By — University of Florida IFAS Extension
Updated on Nov 12, 2009

Overview

Welcome to the world of a four-year-old! During this year, your child will be improving old skills while developing new ones. Everything new is of interest to her. Her curiosity is abundant and energy is overflowing. Playtime outdoors is most enjoyable for her. Providing her with plenty of time for physical activity is a good way to avoid her getting bored and acting out. A four-year-old has lost much of her shyness toward strangers. You may find her eager to go to parties and spend time in other's homes. At this age, boys tend to play with boys, and girls with girls. They love to dress up and play pretend. It is through play that children learn best. Pretending to be a firefighter, a teacher, police officer, an astronaut, etc, provides them with a chance to work out their fears and fantasies.

Developmental Milestones 

Your four-year-old is experiencing many changes during this stage of development. Let's explore some of these milestones of development.

Physical Development

By the age of four, children are able to perform more and more tasks independently. Their use of both their large and small muscles has improved from when they were three. At three, it was more difficult for them to dress themselves and eating required greater assistance from you. At four, children are able (for the most part) to dress and undress themselves without help. They can also use a fork effectively to feed themselves. At four, the only help children need during eating is in cutting meat and similar foods into smaller pieces.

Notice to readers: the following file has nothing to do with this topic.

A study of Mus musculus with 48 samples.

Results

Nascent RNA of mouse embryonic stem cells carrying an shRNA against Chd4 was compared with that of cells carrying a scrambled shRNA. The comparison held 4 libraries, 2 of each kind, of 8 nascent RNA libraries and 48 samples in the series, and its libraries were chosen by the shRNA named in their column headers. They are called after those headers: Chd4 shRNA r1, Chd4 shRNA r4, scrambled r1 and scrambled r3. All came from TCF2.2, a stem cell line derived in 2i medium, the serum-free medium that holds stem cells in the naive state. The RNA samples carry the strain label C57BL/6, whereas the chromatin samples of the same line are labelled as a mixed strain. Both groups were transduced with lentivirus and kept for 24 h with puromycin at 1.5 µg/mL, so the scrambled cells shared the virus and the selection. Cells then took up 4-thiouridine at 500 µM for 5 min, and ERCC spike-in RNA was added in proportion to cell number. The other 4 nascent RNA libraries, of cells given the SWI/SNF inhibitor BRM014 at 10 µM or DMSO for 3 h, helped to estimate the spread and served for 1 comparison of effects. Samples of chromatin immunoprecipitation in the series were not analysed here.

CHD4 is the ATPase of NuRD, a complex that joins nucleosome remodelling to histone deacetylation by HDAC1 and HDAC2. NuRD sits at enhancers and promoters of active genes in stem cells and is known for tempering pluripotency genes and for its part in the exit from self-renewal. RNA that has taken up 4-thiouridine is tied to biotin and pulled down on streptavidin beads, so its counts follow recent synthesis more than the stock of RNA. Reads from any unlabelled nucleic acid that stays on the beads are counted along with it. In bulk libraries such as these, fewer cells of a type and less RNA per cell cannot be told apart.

Your four-year-old is also able to use a pair of scissors quite well. She enjoys cutting straight lines, as well as cutting out shapes. Her ability to color and draw is improving but her short, chubby fingers can still make drawing within the lines a challenge. She can also manage to ride and steer a bike equipped with training wheels.

Social Development

At four, your child starts understanding the meaning of friendship. She is learning to be more cooperative in play with other children. Your child will like to listen to stories as well as tell her own. Your four-year-old loves to whisper and tell secrets. She will often put her arm around a friend, and understands when a friend is upset. However, she still lacks a sense of loyalty to friendships. For example, she might say Michelle is her best friend, but when Michelle gets on the swing set first, and your four-year-old declares that she "doesn't like Michelle anymore and we are not friends."
Your child is developing her social skills-- therefore, it is important to acknowledge her feelings while encouraging the relationship. You could say something like, "Michelle really upset you because she took the swing ahead of you. It's okay for you to be angry. Maybe you and Michelle can be friends again soon."
Your child delights in anything new. She is enthusiastic about new people, new places, new playthings, and new activities. New activities satisfy part of her questioning nature. When possible, vary her activities in order to keep her interested.